A Russian spy ship was spotted Thursday miles off the U.S. coast for the second time in a month, prompting debate over the nature of the vessel's activities in the vicinity of U.S. naval sites.
The Viktor Leonov surveillance ship was seen this time only 20 miles south of the U.S. Naval Submarine Base Kings Bay in Georgia, but within international waters. The high-tech Vishnya-class spy ship was reportedly capable of picking up various forms of electronic communications, but Russian Maritime Studies Institute Director Michael Petersen said he was doubtful the ship would be able to intercept any sensitive information at its current distance.
“When we know that that vessel is in range, it’s highly unlikely that we are using radio or radar waves or any other kind of electronic emissions that this vessel is capable of picking up,” Petersen told CBS News.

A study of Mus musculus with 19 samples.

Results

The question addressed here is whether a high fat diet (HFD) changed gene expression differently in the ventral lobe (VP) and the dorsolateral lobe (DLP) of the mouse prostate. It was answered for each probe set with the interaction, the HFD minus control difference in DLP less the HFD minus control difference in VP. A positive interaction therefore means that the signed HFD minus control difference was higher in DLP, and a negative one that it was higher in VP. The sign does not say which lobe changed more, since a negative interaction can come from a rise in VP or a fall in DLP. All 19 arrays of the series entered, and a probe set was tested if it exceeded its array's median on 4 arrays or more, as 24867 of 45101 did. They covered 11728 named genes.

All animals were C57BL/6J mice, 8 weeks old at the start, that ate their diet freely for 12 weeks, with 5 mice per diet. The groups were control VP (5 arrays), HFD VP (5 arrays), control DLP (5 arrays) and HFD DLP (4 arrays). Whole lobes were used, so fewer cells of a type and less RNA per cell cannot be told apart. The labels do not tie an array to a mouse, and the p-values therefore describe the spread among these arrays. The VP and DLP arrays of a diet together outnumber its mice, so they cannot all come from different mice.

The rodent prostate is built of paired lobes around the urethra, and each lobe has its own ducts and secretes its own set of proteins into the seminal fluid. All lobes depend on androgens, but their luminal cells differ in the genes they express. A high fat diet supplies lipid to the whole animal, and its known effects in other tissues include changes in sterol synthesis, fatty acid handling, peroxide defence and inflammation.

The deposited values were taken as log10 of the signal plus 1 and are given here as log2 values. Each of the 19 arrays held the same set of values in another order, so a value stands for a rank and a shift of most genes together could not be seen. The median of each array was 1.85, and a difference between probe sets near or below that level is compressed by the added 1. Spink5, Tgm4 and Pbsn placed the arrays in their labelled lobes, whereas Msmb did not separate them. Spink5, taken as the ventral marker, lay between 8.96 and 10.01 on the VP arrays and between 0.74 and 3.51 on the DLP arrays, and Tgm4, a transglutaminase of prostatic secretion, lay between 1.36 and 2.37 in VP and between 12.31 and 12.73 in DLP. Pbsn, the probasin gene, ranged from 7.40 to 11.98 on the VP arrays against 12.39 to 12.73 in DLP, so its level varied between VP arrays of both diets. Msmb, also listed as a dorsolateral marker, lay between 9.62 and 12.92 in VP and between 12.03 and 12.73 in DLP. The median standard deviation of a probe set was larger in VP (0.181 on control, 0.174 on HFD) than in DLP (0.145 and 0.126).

The 300-foot vessel had run missions along the Atlantic coast and was docked in Cuba in 2015. Last month, it was seen 30 miles off the coast of Connecticut, sailing near the U.S. naval base in Virginia and the Naval Submarine Base New London. It was next scheduled to head to Jamaica in April. When asked about the appearance of the ship last month, President Donald Trump said it was more important to work together with Moscow than take unnecessary military action.
"It would be much easier for me to be tough on Russia but then we’re not going to make a deal,” Trump told reporters.
The U.S. military has previously accused Russia of operating dangerously close by. Defense officials said a Su-24 attack jet flew within 200 yards of the USS Porter last month in the Black Sea at a speed of about 570 mph and at a height of about 300 feet above the water, according to CNN. Russia has denied that its aircraft performed any unsafe or diplomatically provocative maneuvers.